Belly Ache!

What to make of the anchored putting-style ban


Despite his induction into the World Golf Hall of Fame in 2003, few golf fans know that Diegel is credited as the first man to anchor a putter to his body. Even fewer are familiar with Dr. Richard Parmley, the man who invented the long putter. In 1961, the San Diego resident filed a patent request for his "Body-Pivot Golf Putter." Designed to "significantly reduce the difficulty of putting," the putter received a patent in 1965. The next year, Phil Rodgers used it twice to win.

Over the next 34 years, a number of well-known pros anchored belly or long putters to their chest, sternum or stomach, a method that often revived their dormant careers. Charlie Owens won twice with his "Slim Jim," Johnny Miller captured the 1987 Pebble Beach National Pro-Am with a long putter, and Paul Azinger and Rocco Mediate both notched victories with a long putter. Despite P.J. Boatwright (then USGA executive director of rules and competitions) saying in 1989, "There are some who just don't think it is golf," the game's governing bodies looked the other way when it came to the way people used these strange blades.

Swinging [the club] freely is ultimately what golf's about... There were just too many golfers going to this stroke that we don't believe should be part of the game.
—Mike Davis, Executive Director of the USGA
Then Keegan Bradley won the 2011 PGA Championship, and everything changed. The likeable, young rookie captivated a global audience by birdieing two of the last four holes. The putting style and putters took off. Annual sales, which had languished for years, suddenly boomed. Odyssey, who makes the White Hot XG Sabertooth Bradley put into play, saw long putter sales increase from 8,000 in 2010 to 32,000 in 2011. Adam Sheldon, Brand Manager of Cleveland Golf, said his company has had a 16-fold increase in belly and long putter sales over the past couple of years.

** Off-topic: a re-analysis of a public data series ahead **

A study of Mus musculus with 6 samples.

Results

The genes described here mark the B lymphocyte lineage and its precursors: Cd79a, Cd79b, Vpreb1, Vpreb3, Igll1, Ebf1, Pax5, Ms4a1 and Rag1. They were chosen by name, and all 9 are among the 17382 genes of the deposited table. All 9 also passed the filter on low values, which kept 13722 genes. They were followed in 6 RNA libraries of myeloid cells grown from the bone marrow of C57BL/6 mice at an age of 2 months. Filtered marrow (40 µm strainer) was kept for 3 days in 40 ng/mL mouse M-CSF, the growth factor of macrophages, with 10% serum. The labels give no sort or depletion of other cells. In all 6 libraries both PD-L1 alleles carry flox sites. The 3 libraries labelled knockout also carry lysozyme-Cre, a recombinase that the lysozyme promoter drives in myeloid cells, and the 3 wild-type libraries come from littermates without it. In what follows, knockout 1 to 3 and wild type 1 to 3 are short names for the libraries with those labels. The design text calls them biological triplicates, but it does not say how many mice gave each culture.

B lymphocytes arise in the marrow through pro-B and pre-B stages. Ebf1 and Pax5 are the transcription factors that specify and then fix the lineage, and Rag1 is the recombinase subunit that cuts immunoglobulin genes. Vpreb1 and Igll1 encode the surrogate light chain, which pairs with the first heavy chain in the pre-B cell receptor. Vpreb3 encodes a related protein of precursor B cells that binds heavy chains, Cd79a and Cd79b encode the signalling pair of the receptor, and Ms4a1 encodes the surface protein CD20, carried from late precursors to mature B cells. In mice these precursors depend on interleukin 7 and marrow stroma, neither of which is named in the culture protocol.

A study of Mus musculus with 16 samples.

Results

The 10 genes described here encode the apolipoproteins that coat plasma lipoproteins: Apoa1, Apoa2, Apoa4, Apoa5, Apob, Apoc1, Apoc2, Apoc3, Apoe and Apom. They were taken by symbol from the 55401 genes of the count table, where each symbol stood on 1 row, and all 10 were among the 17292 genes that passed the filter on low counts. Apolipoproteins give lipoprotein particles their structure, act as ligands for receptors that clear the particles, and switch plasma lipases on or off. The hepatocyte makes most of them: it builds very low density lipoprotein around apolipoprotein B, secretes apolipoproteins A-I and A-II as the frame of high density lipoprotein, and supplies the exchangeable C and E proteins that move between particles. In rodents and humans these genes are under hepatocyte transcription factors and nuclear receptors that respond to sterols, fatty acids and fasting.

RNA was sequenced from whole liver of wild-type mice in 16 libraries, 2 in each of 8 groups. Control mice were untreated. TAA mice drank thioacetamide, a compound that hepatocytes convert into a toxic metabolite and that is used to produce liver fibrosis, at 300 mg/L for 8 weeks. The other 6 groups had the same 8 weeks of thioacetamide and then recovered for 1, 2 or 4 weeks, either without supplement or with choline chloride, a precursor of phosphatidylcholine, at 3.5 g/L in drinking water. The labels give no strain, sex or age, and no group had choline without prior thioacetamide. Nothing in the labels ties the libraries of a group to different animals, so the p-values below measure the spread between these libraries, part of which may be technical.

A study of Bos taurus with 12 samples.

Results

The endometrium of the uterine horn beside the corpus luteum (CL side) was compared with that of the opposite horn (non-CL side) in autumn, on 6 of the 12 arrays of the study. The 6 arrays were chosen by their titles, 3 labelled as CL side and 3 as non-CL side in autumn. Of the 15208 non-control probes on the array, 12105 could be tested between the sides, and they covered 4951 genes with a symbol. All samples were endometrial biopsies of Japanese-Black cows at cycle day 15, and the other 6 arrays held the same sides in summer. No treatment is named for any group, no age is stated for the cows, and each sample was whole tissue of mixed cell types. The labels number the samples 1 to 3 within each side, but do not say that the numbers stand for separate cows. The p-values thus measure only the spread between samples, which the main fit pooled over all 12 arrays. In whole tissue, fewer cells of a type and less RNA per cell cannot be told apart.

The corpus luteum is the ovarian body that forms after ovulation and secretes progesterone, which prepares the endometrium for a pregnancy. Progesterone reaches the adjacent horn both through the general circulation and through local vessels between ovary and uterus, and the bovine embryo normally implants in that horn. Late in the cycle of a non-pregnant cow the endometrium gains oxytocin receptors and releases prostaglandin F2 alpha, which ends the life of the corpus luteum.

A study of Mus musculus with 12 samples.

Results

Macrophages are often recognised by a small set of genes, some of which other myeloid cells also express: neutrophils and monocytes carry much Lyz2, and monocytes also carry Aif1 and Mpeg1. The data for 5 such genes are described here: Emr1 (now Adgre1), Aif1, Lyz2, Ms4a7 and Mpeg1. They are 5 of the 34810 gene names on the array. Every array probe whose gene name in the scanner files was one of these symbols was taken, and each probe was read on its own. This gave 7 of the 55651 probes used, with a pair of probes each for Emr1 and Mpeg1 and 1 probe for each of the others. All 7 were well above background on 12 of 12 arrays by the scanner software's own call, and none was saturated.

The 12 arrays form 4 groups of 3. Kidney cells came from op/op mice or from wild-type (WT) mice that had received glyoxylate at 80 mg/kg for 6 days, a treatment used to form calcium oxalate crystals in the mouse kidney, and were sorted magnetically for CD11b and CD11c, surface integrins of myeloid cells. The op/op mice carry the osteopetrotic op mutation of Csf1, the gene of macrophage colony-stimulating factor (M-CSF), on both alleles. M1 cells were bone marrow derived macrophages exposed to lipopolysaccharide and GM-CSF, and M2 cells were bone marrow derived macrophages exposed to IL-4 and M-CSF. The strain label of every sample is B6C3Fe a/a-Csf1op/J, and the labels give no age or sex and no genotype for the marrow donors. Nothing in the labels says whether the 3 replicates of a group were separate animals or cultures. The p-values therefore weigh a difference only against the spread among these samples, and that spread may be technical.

Of course, the most visible evidence of their popularity was seen on Tour. Pros from Ernie Els to Phil Mickelson put a belly putter in play. Suddenly, it seemed like everybody was going long—and winning. In 2011 and 2012, belly and long putters were in the bags of 15 PGA Tour winners. Two out of the last four Major champions have used a belly or long putter en route to victory. Perhaps the most memorable showcase was last year's Open Championship when Els' belly putter edged Adam Scott's broomstick. In that tournament, a remarkable 27% of the field used either a belly or long putter.

As recently as April 2011, USGA Executive Director Mike Davis didn't think anchoring long and belly putters was a big trend. "It's not as if all the junior golfers out there are doing this," he told Golf Channel. "We don't see this as something that's really detrimental to the game."

But by last November, the trend had become so popular among professionals and amateurs—and so unpopular among purists like Arnold Palmer, Tom Watson and Tiger Woods—that the game's governing bodies finally took action. On November 28, 2012, they announced a proposed ban on anchoring the putter. The ban, which is all but guaranteed to pass this spring, would go into effect in January 2016 and prohibit the golfer from "hold[ing] the club or a gripping hand in contact with any part of his body." Golfers can still "hold the club or a gripping hand against a hand or forearm," however, à la Matt Kuchar.